Perceptions of Gender Roles in Sexual Relations and the Sexual Experiences of Medical Students in the Nile Delta of Egypt
Research into youth sexuality is limited in countries of the Middle East. This study investigated perceptions of gender roles in sexual relations and the sexual experiences of medical students in the Nile Delta region of Egypt. A total of 525 students from two faculties of medicine in the Nile Delta Region (age range 18–25 years; 54.7% males) completed a self-administered, anonymous questionnaire on youth sexual attitudes and behaviours. There was a split of opinions about the right of women to have access to sexual knowledge and there was a generally negative attitude towards sexually liberal women. Males’ attitude significantly differed from that of females reflecting more masculine attitude in perception of sexual rights. On the other hand residence showed no association with differences in attitude among studied participants. Most students had no experience of dating (73.5%), sexual kissing (86.3%) or body touching/hugging (83.8%). Only 3.8% of students reported having heterosexual relations and 0.8% homosexual sex more than once. Sexual fantasies, masturbation and watching of sexual videos were reported by 40.4, 42.9 and 31.4% respectively. Gender significantly affected students’ attitude and practices while urban/rural differences had only a limited effect on practices.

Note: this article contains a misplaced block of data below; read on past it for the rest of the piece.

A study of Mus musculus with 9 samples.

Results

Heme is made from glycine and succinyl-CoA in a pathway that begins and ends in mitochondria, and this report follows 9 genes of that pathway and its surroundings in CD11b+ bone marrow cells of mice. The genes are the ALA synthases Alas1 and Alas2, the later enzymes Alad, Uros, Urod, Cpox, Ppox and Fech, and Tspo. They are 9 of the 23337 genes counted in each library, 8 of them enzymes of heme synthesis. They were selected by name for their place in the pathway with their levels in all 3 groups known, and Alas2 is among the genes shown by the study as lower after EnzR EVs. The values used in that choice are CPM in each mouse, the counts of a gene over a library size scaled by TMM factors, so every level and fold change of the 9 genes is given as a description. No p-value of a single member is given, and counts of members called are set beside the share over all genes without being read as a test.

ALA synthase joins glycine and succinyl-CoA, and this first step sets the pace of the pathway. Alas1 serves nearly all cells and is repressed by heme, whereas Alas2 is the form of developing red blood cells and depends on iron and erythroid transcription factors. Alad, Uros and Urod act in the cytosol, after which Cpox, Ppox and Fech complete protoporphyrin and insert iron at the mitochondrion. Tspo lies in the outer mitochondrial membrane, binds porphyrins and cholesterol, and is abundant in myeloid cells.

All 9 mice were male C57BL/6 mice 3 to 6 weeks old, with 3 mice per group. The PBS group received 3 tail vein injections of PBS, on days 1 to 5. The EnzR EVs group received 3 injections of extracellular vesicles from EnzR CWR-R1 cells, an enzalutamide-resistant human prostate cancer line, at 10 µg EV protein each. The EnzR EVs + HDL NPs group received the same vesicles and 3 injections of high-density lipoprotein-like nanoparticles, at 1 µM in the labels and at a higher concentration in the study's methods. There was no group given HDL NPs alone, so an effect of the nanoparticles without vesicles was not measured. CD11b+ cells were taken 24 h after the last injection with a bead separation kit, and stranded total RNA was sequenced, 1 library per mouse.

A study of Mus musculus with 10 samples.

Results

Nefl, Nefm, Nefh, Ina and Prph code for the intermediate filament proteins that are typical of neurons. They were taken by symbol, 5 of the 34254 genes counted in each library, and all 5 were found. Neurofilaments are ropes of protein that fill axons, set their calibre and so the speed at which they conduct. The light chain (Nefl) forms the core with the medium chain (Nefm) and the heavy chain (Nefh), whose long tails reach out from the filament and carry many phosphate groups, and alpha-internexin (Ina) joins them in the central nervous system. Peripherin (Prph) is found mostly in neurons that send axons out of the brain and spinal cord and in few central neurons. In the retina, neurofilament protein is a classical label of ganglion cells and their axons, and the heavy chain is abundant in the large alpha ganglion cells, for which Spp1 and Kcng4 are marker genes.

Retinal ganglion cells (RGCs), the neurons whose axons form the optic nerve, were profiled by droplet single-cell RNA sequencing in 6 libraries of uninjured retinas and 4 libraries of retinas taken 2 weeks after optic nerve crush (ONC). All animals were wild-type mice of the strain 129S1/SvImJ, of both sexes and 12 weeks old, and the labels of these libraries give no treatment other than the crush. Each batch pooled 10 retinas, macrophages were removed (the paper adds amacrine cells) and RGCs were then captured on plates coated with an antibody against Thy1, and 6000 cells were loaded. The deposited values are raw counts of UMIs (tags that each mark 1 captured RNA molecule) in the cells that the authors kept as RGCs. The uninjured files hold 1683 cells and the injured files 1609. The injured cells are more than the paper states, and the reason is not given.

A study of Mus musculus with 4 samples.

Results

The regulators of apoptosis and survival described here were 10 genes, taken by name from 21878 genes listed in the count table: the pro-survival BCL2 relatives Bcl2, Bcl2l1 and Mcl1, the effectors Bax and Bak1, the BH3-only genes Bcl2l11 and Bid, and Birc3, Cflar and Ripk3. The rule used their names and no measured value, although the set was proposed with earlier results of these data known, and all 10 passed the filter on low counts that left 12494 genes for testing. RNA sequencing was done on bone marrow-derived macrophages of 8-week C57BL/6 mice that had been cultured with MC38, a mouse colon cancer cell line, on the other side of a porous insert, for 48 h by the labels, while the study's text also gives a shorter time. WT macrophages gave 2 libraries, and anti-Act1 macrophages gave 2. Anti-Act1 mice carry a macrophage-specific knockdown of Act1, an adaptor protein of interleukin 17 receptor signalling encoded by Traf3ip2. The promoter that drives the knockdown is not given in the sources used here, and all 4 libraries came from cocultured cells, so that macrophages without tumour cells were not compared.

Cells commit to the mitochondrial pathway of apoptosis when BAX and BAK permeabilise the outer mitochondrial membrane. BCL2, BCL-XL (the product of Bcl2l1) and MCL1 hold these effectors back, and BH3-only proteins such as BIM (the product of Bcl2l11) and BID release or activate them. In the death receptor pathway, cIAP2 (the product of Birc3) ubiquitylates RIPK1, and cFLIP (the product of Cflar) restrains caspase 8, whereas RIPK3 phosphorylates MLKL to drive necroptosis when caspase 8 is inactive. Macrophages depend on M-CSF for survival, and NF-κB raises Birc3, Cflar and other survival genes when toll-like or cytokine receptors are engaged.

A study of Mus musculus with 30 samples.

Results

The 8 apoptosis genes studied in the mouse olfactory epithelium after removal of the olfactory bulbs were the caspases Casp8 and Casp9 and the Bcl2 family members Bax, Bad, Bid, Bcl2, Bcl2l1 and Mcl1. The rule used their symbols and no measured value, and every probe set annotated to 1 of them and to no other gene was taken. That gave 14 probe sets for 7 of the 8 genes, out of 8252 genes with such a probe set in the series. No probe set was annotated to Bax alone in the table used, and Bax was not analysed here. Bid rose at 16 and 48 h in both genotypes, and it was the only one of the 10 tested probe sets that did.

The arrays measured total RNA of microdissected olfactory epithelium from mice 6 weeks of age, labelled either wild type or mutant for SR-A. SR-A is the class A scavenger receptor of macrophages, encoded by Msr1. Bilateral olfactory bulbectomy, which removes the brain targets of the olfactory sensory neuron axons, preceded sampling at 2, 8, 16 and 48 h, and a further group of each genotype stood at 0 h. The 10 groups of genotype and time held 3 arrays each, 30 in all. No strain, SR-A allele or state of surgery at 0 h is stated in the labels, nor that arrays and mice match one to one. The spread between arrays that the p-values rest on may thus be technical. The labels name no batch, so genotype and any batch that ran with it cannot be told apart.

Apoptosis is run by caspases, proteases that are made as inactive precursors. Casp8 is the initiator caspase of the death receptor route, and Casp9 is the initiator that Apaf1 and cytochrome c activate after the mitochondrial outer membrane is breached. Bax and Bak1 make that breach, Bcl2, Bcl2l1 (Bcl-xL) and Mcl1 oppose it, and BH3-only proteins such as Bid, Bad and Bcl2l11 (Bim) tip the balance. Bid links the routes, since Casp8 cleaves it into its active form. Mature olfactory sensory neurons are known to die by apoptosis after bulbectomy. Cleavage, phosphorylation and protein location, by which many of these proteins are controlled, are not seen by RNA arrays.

KeywordsGender role Sex Medical students Nile Delta of Egypt
Compliance with Ethical Standards
Conflict of interest
The authors declare that they have no conflict of interest.
The study was conducted according to roles of the internal review board of Tanta Faculty of Medicine. Participation was voluntarily and no pressures exerted to share in data collection. Data collection was anonymous to protect participants’ rights to give correct information. The information was used only for research purpose and was not shared with any other authority.